UC Davis Department of Neurology researchers are conducting research to determine the basics of astrocyte biology. Astrocytes are star-shaped brain cells that scientists have long known to be involved in the physical structuring of the brain, provide neurons with nutrients, such as glucose, and are involved in nervous system repair.
It turns out, however, that these are complicated cells. They have been implicated in disease, as well as been found to be the source of potentially self-healing stem cells. Mutant forms of astrocytes have been associated with amyotrophic lateral sclerosis (ALS, or Lou Gehrig’s disease), Alzheimer’s disease and Huntington’s disease. Recently, however, scientists discovered that astrocytes can form new stem cells and are able to generate all three types of mature brain cells.
Working with animal models and cell cultures, department researchers are working to understand normal astrocyte development and function, as well as their ability to produce neural stem cells. They want to better understand what happens to these cells as a result of disease or injury, what role that might actually play in causing disease and whether they can also be prompted to transform into neurons to repair diseases of the nervous system.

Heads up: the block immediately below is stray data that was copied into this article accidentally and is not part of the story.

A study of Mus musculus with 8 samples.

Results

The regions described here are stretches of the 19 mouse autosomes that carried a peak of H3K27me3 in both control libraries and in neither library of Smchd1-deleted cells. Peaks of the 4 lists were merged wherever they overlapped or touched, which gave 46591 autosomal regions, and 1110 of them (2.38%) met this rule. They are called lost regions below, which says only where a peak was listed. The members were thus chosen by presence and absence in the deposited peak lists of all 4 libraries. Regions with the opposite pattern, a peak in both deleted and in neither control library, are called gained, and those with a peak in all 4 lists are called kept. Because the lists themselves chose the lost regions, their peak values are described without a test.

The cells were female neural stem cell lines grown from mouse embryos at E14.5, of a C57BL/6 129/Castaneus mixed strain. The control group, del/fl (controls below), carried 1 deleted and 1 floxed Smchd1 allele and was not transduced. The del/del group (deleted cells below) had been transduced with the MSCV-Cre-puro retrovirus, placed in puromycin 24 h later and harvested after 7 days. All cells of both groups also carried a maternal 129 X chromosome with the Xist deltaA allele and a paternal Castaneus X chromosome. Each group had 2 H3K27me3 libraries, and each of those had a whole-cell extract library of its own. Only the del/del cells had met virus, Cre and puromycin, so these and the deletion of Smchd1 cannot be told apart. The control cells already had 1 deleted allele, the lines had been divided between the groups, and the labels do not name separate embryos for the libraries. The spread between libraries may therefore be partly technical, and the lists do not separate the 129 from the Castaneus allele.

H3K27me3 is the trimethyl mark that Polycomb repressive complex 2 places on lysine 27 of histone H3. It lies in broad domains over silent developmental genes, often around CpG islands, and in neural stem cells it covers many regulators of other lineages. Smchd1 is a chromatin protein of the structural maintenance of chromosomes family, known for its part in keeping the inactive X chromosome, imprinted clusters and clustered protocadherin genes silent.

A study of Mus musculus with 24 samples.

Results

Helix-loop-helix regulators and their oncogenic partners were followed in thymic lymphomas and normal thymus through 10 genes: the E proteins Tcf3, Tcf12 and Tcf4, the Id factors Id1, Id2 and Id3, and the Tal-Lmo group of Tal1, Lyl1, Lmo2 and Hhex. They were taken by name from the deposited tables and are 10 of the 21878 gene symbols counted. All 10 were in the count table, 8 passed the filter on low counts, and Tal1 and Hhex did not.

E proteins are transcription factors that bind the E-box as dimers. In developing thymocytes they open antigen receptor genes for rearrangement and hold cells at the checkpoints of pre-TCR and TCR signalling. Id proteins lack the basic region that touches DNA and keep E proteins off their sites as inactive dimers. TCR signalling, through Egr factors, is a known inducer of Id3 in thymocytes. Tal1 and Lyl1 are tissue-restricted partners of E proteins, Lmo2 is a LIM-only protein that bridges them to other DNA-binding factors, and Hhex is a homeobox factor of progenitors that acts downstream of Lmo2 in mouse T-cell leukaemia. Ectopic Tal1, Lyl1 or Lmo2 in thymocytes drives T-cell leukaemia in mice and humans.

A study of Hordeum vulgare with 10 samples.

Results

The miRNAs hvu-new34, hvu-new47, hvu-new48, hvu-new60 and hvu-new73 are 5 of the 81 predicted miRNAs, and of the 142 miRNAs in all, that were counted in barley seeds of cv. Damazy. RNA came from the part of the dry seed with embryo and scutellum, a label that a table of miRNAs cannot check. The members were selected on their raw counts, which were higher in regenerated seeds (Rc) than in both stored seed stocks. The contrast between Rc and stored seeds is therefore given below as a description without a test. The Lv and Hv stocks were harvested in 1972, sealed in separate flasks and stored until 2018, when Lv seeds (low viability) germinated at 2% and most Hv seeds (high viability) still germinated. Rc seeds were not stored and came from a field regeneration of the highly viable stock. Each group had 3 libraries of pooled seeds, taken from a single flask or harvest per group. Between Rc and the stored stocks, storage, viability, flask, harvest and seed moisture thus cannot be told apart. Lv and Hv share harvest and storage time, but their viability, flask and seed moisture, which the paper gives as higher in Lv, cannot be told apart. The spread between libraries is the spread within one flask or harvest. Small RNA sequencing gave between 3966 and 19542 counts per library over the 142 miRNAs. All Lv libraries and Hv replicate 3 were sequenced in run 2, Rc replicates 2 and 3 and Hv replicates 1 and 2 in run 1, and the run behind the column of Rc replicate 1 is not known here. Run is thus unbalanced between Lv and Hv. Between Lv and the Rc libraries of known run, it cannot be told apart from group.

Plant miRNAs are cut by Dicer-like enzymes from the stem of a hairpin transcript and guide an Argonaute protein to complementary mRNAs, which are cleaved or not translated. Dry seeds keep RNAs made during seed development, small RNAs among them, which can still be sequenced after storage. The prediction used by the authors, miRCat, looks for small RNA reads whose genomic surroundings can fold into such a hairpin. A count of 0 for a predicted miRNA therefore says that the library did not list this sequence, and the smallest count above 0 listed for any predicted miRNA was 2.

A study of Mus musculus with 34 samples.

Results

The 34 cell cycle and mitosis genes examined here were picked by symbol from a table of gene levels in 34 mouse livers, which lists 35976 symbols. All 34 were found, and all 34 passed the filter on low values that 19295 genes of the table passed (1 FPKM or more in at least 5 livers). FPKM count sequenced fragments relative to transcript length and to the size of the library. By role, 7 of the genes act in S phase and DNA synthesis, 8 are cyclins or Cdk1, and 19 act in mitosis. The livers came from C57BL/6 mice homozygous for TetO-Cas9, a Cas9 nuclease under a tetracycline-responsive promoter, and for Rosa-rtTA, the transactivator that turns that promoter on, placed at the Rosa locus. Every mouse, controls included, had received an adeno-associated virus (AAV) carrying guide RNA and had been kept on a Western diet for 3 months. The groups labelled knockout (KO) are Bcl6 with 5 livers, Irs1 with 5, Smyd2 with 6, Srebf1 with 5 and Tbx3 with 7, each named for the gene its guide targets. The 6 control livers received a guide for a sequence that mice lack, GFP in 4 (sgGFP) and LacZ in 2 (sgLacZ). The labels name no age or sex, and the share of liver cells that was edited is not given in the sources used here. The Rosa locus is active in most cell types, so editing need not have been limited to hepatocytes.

Scientists have observed that inflammation, the body’s response to injury and disease, causes astrocytes to enlarge. These enlarged astrocytes are common features of patients with multiple sclerosis and in those with spinal cord injury. Department researchers are working to uncover the cellular mechanisms behind these observations with the goal of finding potential treatments.
Institute for Pediatric Regenerative Medicine
Several UC Davis Department of Neurology faculty members studying astrocyte biology are part of the Institute for Pediatric Regenerative Medicine, a joint initiative of the Shriners Hospitals for Children Northern California and the UC Davis School of Medicine.